BGS have produced 13 summaries of the on-shore regional geology for England, Wales and Northern Ireland. The extents of the regional summaries areas follow the British Regional Geology (Regional Guides) series. They provide informative overviews of the geology of each of the regions designed for a general audience. The summaries are stand-alone and contain a generalised geological map, cross sections (‘vertical slices’) through the geology and illustrations. Because of the variations in the geology and geological history in different regions the colour scheme used and the way the rock units are subdivided in individual accounts may vary.
The regional geological summaries for England, Wales and Northern Ireland form part of BGS’s wider work on better communicating the geology of the UK. Their development has been financially supported by Nuclear Waste Services and forms part of a wider BGS National Programme, funded by a range of stakeholders, to make our science publicly available and accessible to all. The regional geological summaries for Scotland are under development.
|Title / Download||Description|
|Bristol and Gloucester and adjoining areas||This region is one of the most geologically varied parts of the country, with almost every geological time period represented.|
|Central England||Central England has a varied scenery and landscape determined by the underlying geology.|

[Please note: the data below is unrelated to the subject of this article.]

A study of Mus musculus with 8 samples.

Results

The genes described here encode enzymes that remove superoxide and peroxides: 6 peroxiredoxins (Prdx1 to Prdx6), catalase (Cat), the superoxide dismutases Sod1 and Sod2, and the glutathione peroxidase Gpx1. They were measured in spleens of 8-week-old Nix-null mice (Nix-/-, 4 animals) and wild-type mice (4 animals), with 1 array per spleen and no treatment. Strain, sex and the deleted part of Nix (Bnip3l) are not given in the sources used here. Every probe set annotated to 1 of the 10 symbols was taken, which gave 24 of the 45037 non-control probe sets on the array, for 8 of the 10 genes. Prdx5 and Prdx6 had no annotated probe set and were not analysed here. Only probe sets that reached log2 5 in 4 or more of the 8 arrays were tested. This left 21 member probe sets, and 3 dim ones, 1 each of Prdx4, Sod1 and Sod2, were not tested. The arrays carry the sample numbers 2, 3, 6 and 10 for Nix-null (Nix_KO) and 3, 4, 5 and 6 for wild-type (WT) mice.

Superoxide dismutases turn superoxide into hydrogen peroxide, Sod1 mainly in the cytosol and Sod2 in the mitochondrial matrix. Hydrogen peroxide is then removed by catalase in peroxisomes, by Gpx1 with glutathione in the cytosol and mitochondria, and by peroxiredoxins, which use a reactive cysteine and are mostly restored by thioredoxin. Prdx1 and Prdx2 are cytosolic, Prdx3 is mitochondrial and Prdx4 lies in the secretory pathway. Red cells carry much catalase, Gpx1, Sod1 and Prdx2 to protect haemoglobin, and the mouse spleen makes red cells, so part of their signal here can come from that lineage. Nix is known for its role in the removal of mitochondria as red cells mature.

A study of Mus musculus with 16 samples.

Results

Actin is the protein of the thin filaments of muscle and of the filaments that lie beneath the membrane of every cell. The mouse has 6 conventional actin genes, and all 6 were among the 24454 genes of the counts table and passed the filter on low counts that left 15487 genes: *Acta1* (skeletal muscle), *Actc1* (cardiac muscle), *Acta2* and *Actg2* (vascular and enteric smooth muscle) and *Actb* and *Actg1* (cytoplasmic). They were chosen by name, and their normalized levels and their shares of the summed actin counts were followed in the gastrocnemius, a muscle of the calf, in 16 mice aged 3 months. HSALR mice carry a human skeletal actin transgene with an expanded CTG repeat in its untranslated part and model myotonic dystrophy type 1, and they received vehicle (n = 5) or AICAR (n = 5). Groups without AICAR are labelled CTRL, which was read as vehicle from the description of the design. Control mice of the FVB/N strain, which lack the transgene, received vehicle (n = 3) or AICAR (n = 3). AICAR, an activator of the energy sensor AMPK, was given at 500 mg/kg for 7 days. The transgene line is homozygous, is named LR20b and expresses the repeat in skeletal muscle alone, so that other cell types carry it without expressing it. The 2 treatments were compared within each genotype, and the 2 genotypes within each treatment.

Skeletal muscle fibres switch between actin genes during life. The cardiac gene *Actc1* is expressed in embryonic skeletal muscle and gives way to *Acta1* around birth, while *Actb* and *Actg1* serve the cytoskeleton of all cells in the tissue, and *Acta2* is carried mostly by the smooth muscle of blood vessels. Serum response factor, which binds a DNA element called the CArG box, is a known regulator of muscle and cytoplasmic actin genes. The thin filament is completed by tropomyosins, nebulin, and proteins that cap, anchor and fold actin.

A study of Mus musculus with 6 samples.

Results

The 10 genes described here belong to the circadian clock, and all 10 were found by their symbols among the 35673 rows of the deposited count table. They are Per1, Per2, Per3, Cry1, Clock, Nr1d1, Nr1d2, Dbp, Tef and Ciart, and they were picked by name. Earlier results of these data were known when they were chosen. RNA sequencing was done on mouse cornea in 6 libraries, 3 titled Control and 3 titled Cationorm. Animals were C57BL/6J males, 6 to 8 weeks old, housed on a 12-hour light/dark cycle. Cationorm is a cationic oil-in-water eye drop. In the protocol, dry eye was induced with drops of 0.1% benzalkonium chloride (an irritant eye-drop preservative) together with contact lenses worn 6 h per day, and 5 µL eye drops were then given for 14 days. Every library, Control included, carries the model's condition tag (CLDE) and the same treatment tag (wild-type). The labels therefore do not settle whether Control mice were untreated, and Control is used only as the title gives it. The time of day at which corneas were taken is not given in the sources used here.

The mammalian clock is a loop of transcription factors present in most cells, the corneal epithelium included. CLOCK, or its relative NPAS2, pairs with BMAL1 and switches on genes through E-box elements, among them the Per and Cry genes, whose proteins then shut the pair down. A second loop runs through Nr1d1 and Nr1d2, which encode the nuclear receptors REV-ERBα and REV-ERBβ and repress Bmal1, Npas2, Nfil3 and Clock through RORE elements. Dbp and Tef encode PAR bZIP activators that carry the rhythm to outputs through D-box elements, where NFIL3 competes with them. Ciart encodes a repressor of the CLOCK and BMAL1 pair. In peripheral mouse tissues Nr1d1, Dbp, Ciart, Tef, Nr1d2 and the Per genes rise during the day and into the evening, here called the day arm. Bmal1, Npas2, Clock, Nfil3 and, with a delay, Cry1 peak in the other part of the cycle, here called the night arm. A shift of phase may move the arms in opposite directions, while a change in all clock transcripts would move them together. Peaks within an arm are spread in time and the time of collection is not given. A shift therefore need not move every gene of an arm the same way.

|East Anglia and adjoining areas||East Anglia’s relatively flat and rolling landscape provides a rich agricultural setting and contains an interesting geological story.|
|Eastern England||This region’s diverse landscape comprises low-lying plains, steep ridges and upland areas.|
|London and the Thames Valley||At the surface this region is formed of rocks laid down in seas that covered the area in the past.|
|Northern England||Within this region a striking diversity of rocks and geological structure are present resulting from a geological history that spans almost 500 million years.|
|Northern Ireland||The landscape of Northern Ireland is remarkably varied considering its relatively small area and is a reflection of the diverse geology from which it has been shaped.|
|South-west England||The near-surface geology of the region is well known due to the many quarries, mines, coastal cliffs and shallow boreholes.|
|The Hampshire Basin and adjoining areas||Geologically this region forms the western part of a deep basin filled with sediments laid down in ancient seas.|
|The Pennines and adjacent areas||Geology influences many aspects of the varied countryside and land-use of this region.|
|The Wealden District||This region is mainly formed of rocks laid down in seas that covered the area in the past.|
|The Welsh Borderland||The Welsh Borders region contains a broad range of rock types and ages, exposing some of the oldest rocks in Britain.|
|Wales||The geology near the surface is well known from abundant natural outcrops of rock, such as coastal cliffs and mountain crags, as well as quarries and mines.|
These Regional Geological Summaries reports are NOT the published outputs of the BGS National Geological Screening exercise. The National Geological Screening reports are written for a technical audience to inform Nuclear Waste Services in its discussions with communities interested in finding out about the potential for their area to host a GDF.